Make It Your Business to Listen: Companies thrive when they respond to customers
To stay ahead of your competition in today’s business world you practically need a Ouija Board. Successfully navigating a business takes a delicate mix of reading signs, being sensitive to the cultural zeitgeist, and good intuition.
It seems an impossible task until you realize there’s a single source that can act as your map, compass and oracle, all wrapped into one: Your market.
All you have to do is look at recent business headlines to see what I mean. Giants like General Motors and Blockbuster Video are stumbling because they were too slow to hear and respond to consumers. Nimble companies like Honda and Netflix are on-track, looming large in the giants’ proverbial rear-view mirrors, where objects may be closer than they appear.
Netflix in particular is a great example of responsive customer interaction. Through their Web site they draw us in with a very interactive experience, inviting us to be movie critics, suggesting titles and offering options for content delivery. All of this creates a community and fosters positive brand associations.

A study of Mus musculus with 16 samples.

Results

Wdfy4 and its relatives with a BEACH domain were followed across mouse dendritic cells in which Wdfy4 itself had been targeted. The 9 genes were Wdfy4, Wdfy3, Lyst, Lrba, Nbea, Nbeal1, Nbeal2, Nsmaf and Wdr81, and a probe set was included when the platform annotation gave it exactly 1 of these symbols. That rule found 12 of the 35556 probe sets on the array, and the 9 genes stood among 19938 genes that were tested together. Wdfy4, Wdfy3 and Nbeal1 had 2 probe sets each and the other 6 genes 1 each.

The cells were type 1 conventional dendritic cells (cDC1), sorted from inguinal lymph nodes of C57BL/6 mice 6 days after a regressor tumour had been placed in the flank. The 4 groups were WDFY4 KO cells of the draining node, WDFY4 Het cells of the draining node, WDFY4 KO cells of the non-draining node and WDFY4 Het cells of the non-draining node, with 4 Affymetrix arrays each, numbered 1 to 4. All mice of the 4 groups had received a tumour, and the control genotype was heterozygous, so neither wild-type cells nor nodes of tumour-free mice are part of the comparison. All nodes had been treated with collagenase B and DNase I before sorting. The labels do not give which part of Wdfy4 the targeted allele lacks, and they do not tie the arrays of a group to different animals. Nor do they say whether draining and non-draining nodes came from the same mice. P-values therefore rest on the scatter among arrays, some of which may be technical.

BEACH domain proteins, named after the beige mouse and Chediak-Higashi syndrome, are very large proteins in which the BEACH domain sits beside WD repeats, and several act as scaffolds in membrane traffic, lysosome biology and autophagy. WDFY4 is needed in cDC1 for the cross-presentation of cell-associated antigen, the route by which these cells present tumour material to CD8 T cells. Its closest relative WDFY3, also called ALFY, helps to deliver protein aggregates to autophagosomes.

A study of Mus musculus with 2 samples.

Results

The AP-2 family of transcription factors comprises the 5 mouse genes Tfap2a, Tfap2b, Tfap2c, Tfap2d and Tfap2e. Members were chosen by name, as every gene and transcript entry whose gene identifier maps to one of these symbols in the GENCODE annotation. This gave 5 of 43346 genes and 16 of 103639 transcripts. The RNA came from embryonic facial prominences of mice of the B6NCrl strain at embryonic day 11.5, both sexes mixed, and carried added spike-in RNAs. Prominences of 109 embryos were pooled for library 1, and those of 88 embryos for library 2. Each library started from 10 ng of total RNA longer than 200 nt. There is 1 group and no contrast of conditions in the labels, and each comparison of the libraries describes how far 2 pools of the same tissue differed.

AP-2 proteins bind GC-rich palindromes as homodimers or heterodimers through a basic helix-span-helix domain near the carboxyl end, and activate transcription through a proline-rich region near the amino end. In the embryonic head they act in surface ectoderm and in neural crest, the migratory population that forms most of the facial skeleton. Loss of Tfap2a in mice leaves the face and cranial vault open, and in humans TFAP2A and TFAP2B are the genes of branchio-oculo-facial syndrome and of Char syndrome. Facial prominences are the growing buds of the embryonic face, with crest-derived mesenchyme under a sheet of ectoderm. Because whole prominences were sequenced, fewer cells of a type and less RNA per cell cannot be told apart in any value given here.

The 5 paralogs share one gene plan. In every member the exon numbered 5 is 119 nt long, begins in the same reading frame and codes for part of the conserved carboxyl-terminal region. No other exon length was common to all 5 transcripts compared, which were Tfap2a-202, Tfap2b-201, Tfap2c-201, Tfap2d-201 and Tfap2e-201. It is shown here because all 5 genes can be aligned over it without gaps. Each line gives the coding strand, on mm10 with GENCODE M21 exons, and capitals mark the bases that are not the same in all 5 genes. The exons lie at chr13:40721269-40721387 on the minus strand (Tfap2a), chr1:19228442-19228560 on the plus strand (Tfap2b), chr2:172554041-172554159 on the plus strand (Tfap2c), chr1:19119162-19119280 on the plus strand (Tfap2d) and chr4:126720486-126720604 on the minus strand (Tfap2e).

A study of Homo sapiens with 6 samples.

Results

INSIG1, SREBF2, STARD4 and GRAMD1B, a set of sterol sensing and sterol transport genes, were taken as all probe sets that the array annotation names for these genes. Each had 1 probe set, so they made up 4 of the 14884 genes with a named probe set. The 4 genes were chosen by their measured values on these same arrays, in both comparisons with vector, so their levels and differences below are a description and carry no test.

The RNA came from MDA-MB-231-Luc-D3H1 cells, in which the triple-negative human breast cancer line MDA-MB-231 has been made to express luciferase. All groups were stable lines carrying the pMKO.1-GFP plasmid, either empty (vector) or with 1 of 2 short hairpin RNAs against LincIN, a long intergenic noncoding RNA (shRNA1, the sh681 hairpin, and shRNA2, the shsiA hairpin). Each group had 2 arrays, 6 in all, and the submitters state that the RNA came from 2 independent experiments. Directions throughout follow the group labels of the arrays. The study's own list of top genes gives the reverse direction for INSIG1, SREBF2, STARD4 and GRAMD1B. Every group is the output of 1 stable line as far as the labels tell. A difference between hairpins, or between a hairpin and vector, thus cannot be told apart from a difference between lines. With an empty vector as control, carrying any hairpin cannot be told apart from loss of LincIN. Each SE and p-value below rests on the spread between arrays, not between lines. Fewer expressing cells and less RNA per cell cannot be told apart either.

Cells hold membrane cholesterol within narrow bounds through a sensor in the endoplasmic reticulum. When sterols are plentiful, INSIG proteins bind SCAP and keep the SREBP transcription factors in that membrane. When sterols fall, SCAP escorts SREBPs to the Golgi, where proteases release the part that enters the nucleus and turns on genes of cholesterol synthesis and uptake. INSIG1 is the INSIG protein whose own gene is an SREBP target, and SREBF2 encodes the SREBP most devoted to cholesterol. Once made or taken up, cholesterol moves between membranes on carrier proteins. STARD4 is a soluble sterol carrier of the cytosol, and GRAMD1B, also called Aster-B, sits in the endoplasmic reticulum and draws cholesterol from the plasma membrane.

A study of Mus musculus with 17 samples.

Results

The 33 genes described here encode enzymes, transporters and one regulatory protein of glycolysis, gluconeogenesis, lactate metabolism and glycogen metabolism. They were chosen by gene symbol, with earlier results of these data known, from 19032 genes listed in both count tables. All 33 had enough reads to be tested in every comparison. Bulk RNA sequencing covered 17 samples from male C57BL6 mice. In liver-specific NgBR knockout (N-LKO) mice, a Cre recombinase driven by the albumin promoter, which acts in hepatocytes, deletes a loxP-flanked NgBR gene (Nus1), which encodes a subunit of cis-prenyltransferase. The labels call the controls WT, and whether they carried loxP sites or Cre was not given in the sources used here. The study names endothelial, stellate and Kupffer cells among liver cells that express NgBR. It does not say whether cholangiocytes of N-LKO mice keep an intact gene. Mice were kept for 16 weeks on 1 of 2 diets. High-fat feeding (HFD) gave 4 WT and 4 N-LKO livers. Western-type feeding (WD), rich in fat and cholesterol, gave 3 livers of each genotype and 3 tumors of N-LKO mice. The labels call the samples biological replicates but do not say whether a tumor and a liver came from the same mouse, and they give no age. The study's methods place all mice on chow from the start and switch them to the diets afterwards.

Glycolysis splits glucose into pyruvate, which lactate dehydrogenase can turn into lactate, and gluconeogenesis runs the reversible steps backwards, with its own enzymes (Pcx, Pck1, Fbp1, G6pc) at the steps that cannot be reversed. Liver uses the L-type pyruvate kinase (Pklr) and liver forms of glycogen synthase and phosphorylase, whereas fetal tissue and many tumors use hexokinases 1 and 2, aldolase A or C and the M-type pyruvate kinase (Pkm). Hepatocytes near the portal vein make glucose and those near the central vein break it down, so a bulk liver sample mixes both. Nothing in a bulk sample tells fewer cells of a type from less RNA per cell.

On the corporate side, this community works to generate data on what customers are looking for, and what they’re not happy with (think “no late fees”). By acting on customer feedback, Netflix earned $55 million through the first half of this year while Blockbuster lost $15 million and today announced its closing stores.
Those are the big guys. As a small business owner, how can you apply these same ideas to help steer your business to success?
First, open the lines of communication. Use today’s social networking technology to interact with your customers. Blogs with comments enabled, Twitter and Facebook Fan Pages are all common avenues of conversation.
Secondly, use free PR to publicize your business. Free publicity sites like PitchRate.com (http://www.PitchRate.com) connect news reporters and other media with experts and sources, meaning you! Journalists sign up for free and send out queries on stories they are covering. Sources with expertise in diverse areas (you), also sign up for free to receive the media queries.
Then when the media interviews you, let people know how to find you. That’s easy once you have your social network in place.
I’d like to take a little of my own advice and ask you: How is PR currently playing into your business model?